Data on the property market has been slightly more upbeat in recent months, after years of being weighed down by a combination of slow economic growth and market cooling measures. But it might be too early to herald a return to boom times.
The private residential market seems to have turned the corner in the third quarter, with prices rising after almost four years of decline.
Overall prices went up 0.7 per cent in the three months to Sept 30 compared with the previous quarter. This beat earlier estimates of a 0.5 per cent rise and ended 15 quarters of decline, according to Urban Redevelopment Authority (URA) data.
These latest numbers - combined with the rosier economic outlook and a recent flurry of activity in the collective-sale market - have been seen by some as a sign that the property market is finally emerging from the doldrums.
But analysts have noted that any pick-up in home prices is likely to be gradual, especially since cooling measures - such as the total debt servicing ratio and additional buyer's stamp duty - continue to keep speculative demand in check. In fact, inflated land prices - not stronger demand - are likely to have a bigger impact on home prices, noted Mr Desmond Sim, head of research for Singapore and South-east Asia at property consultancy CBRE.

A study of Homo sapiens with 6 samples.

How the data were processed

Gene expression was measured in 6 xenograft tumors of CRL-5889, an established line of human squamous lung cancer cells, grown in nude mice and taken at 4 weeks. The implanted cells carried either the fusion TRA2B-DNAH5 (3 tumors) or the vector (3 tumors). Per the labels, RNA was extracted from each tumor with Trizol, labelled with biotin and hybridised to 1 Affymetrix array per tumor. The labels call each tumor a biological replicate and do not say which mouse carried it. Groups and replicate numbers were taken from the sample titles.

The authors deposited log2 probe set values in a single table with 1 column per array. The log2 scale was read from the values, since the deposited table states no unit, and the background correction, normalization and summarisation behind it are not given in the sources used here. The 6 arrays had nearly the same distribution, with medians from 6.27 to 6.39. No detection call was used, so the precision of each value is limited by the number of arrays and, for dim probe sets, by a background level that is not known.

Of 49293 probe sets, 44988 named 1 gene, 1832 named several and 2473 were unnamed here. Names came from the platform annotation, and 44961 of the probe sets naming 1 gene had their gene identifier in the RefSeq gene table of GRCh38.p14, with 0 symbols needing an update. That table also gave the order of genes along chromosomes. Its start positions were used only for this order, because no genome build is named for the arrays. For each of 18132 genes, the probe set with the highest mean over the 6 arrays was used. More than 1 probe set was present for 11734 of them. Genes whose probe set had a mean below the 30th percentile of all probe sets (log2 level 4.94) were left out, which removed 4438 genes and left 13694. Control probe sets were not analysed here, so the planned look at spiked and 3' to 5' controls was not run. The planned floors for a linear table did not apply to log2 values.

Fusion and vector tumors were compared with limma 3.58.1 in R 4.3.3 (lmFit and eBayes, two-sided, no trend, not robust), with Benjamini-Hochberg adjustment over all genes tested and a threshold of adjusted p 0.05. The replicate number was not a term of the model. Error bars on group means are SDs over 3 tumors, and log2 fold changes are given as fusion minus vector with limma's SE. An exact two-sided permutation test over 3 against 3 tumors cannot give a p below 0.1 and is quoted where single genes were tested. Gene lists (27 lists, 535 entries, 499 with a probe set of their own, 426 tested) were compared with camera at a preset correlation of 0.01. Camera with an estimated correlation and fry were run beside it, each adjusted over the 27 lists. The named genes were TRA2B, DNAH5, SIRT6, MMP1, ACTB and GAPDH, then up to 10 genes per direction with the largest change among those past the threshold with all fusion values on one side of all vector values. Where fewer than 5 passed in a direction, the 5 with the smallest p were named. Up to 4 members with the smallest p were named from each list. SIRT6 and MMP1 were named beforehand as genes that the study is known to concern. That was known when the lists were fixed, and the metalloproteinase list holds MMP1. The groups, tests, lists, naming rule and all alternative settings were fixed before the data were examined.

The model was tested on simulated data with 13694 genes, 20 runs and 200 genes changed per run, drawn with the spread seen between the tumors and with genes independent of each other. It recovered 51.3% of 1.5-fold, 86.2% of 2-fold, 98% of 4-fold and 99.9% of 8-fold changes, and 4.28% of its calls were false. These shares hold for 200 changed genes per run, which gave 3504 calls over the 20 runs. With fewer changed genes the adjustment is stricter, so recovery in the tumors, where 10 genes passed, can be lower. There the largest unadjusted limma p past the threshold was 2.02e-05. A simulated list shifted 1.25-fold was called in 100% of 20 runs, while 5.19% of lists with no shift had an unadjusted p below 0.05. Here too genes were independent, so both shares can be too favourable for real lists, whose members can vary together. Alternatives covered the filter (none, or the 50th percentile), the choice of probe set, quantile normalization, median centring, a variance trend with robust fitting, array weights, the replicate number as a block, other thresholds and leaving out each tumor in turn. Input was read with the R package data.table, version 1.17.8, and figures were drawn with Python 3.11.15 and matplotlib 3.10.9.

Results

The redevelopment of collective-sale sites could add a significant number of housing units to the existing supply pipeline - an additional 9,300 units, the URA said in its latest statistics release. Coupled with a further 7,400 units from government land sales in the coming years, the yield from collective sales could nearly double the number of unsold private homes in the pipeline, assuming planning approval is obtained. There are already 17,178 units that have received approval on the way.
Still, one factor that could provide a boost is the recovering job market. If sentiment continues to improve, there could be spillover effects in the property market.
But ultimately, it is too early to tell whether a decisive pick-up is under way.